It Seems Like Just a Bad Memory Now

This is a subject that is near and dear to my heart.

Many years ago, 24 to be precise, I had just given birth to baby #4. He was a delightful, easy baby, but life was stressful. I was doing my best to breastfeed, run a business, keep the household running, volunteer at school, and fulfill volunteer assignments at church, and it was just getting to be too much. I wasn’t getting enough sleep. I wasn’t getting any exercise. I was just getting run down, and I suffered repeated bouts of mastitis for it.

When baby was about four months I had another round of mastitis. Once the fever and weakness were gone and the infection had cleared out, I was left with a lump in my left breast. The lump remained, and four months later Hubby insisted I go and get it checked. His exact words were, “These things can turn into cancer, and I don’t want you leaving me with four kids to raise alone.” So, off I went to the doctor. She examined the lump, aspirated it, and drew milk into the needle, so she wasn’t worried.

Baby #4 weaned at 22 months. Four months later the lump remained. Hubby urged me to get it checked again. This time the doctor examined it, aspirated it, and didn’t get anything. The lump was solid, not liquid-filled. She left the room and came back a few minutes later saying she had booked me in with the breast clinic and had secured an appointment for eight days hence.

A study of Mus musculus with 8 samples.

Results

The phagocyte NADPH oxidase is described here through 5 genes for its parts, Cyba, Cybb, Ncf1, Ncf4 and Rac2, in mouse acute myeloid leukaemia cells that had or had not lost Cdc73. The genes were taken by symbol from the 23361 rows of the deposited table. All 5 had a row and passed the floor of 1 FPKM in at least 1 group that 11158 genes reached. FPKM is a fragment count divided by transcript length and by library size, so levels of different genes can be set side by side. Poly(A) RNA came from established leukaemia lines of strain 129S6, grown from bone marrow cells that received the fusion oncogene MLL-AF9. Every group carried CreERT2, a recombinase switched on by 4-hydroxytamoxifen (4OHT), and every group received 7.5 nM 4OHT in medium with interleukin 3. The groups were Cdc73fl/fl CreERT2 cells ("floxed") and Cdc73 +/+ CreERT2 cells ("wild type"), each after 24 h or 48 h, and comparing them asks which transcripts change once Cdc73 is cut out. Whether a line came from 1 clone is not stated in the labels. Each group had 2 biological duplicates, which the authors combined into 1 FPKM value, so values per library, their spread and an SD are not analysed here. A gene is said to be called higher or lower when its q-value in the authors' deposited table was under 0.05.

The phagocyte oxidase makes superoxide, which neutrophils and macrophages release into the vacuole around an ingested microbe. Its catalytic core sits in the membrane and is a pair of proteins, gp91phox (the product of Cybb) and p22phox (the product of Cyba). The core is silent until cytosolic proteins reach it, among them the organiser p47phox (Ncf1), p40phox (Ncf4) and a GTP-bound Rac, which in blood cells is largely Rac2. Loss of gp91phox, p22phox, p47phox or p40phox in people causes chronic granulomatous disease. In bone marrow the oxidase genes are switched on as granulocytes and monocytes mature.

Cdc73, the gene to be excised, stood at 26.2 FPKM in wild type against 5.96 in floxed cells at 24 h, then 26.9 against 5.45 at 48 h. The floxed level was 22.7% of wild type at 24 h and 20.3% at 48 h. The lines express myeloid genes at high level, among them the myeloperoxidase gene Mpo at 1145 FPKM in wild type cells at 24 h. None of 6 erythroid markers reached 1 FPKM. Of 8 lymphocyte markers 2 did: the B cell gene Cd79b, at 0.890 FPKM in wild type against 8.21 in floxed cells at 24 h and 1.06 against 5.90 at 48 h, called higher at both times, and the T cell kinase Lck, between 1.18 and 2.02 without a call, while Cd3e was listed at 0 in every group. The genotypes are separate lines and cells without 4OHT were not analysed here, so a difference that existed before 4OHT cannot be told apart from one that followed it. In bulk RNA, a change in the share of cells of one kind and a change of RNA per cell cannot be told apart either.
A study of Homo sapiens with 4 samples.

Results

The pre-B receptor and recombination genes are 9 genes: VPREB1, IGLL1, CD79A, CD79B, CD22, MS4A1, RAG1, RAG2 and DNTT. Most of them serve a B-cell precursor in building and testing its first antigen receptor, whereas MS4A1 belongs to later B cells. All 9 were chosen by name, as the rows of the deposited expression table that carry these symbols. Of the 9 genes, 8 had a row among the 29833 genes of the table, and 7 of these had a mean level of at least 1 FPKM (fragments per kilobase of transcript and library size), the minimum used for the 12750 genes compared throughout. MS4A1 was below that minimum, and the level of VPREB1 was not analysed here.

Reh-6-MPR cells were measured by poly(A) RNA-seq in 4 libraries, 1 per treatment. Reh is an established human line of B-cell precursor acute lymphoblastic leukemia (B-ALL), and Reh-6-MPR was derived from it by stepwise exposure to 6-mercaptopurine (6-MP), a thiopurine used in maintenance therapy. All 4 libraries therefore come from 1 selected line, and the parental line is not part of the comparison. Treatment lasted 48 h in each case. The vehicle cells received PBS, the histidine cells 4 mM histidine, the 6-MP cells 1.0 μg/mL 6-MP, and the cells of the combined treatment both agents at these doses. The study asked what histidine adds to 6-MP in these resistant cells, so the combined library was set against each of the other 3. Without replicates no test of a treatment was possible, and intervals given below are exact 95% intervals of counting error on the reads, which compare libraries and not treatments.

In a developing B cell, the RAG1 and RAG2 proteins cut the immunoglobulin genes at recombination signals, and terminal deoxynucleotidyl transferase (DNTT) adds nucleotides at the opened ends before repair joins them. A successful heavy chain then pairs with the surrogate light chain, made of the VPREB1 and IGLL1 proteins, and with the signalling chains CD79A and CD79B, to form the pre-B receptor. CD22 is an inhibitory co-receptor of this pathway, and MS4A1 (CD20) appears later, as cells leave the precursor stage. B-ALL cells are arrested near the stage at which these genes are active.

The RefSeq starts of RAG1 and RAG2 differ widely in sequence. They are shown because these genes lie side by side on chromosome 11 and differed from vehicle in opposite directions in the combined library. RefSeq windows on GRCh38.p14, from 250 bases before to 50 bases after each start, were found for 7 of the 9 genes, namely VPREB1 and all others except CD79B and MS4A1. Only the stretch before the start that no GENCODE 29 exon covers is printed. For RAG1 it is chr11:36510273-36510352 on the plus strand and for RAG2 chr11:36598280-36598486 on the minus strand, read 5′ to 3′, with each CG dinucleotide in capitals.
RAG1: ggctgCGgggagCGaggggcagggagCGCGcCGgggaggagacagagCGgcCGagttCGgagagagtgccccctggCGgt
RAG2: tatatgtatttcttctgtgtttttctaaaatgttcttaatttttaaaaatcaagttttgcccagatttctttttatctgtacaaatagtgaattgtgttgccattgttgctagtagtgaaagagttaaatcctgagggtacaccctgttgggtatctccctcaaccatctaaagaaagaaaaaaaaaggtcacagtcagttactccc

Now, the medical system here in Canada isn’t that fast. It’s been overloaded for years. The only way to get in with a specialist in less than a year is to either be a child, or be an adult whose doctor is very concerned, and then you may get in faster. To get an appointment in eight days screamed that my doctor was worried.

My doctor said one thing – “it doesn’t feel like a cancer and it doesn’t move like a cancer” – but she did another. She fast-tracked me in a slow-moving medical system. That literally put the fear of God into me.

juice

As I drove home I assessed what I needed to do. I needed to get rid of the lump as fast as I could, regardless of what it was made of. I stopped at the health food store, picked up gallons of organic juices, and made my way home. I told Hubby what had transpired and announced that for the next week I would be doing an intense juice fast and that I would not be able to maintain my normal mom/wife/homemaker duties. Hubby rallied, and I started the cleanse.

To put this all in perspective – the lump was the size of a marble.

Over the course of the next week I drank juice. I took cleansing supplements. I did an enema every day. By two days before the appointment with the specialist, I had shrunk the lump to the size of a glass pinhead. I booked an appointment with my own doctor for the next day. When she saw me in the examining room she asked why I was there. I said I wanted her to re-examine the lump. As she palpated it she said, “Well, I don’t know what you’ve done to shrink it, but that’s great. It’s obviously not a cancer. You can cancel your appointment with the breast clinic.”

Three months later I did another shortened version of the cleanse and got rid of that last little bit of the lump. The truth is – we’ll never know what it was. Another truth is – I have a cancer marker in the breast zone of my left eye that reminds me frequently to be proactive and protective of my breasts and my health in general.

Today’s article is about breast health. I hope you’ll read it, take it seriously, and do what you need to to protect your breasts and your health.